With so many phone and video meetings, plus talking through a mask, my vocal folds have been feeling hoarse and tired from speaking loudly and hydrating less. Follow these tips to avoid damage and keep your vocal folds healthy and comfortable.
- Take frequent sips of water as you talk to keep your vocal folds continuously hydrated.
- Plain water is best. Lemon, tea, and coffee can all dehydrate your vocal folds.
Your vocal folds are a muscle, so complete these warm ups to get them ready to use, or to relax them after a long day of talking.
Focus on relaxing and using your breath, not your muscles, to start any sound. That is, you should begin to exhale before you begin to hum, sing, or speak. This helps your vocal folds move together gently without tension.
For illustrations and more information, visit https://my.clevelandclinic.org/health/articles/9445-diaphragmatic-breathing
- Sit comfortably, with your knees bent and your shoulders, head and neck relaxed.
- Place one hand on your upper chest and the other just below your rib cage. This will allow you to feel your diaphragm move as you breathe.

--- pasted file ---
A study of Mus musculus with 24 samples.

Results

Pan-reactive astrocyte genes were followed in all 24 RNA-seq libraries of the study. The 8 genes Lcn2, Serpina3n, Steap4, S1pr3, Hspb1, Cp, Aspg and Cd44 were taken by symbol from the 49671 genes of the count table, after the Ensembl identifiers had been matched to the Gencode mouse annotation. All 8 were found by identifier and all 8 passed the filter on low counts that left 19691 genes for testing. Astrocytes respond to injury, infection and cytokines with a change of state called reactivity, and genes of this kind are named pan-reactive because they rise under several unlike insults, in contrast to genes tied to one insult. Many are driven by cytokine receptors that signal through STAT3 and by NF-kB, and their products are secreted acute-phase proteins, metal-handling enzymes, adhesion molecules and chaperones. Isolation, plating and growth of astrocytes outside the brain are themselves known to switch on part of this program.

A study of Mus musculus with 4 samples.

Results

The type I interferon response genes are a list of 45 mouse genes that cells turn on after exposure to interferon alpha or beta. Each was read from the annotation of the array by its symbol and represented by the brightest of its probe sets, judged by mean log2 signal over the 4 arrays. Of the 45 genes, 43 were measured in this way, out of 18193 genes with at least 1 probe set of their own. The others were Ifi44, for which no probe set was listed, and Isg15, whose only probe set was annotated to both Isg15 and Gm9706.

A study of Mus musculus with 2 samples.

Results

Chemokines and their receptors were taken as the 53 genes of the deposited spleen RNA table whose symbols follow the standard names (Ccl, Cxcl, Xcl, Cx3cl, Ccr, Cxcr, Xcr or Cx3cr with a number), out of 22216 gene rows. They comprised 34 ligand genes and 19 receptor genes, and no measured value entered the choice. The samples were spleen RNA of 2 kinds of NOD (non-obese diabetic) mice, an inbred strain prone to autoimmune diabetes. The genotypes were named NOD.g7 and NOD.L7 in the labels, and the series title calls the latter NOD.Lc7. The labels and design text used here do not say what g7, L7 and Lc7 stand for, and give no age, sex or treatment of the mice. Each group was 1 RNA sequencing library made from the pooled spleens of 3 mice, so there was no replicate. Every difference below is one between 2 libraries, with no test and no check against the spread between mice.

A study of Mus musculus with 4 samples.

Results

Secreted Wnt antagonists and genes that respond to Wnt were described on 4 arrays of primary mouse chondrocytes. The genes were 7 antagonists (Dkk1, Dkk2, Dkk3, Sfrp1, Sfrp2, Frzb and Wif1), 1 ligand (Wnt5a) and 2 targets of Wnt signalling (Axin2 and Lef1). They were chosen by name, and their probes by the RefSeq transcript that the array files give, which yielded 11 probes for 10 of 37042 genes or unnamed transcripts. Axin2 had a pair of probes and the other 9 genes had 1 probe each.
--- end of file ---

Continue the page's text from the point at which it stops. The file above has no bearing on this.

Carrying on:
- Breathe in slowly through your nose so that your stomach moves out against your hand. The hand on your chest should remain as still as possible.
- Tighten your stomach muscles, letting them fall inward as you exhale through pursed lips. The hand on your upper chest must remain as still as possible.
- Begin by taking a deep breath in. Begin to exhale, then begin to gently hum.
- Start at a middle pitch, close to your speaking voice. Move up to your highest comfortable voice. Return to middle, then move to your lowest comfortable voice.
- Make the “brrrr” sound by blowing air through your lips. Begin on your middle voice pitch, then high, then middle, then low.
- Open your mouth wide as if to yawn, then breathe out while saying “ahhhhhhhh”
- If you know you have a lot of talking to do, try to talk less before and after to give your vocal folds time to rest and repair. Hydrate well with water during this time.
- When you do talk, take deep breaths and use a quiet, natural voice without whispering.
- If you hold tension in your jaw, take your index and middle finger and gently rub your TMJ, the joint where you jaw attaches to your skull
If you or a loved one is in need of Speech Therapy please call CWJR at 586-323-2957 to get started!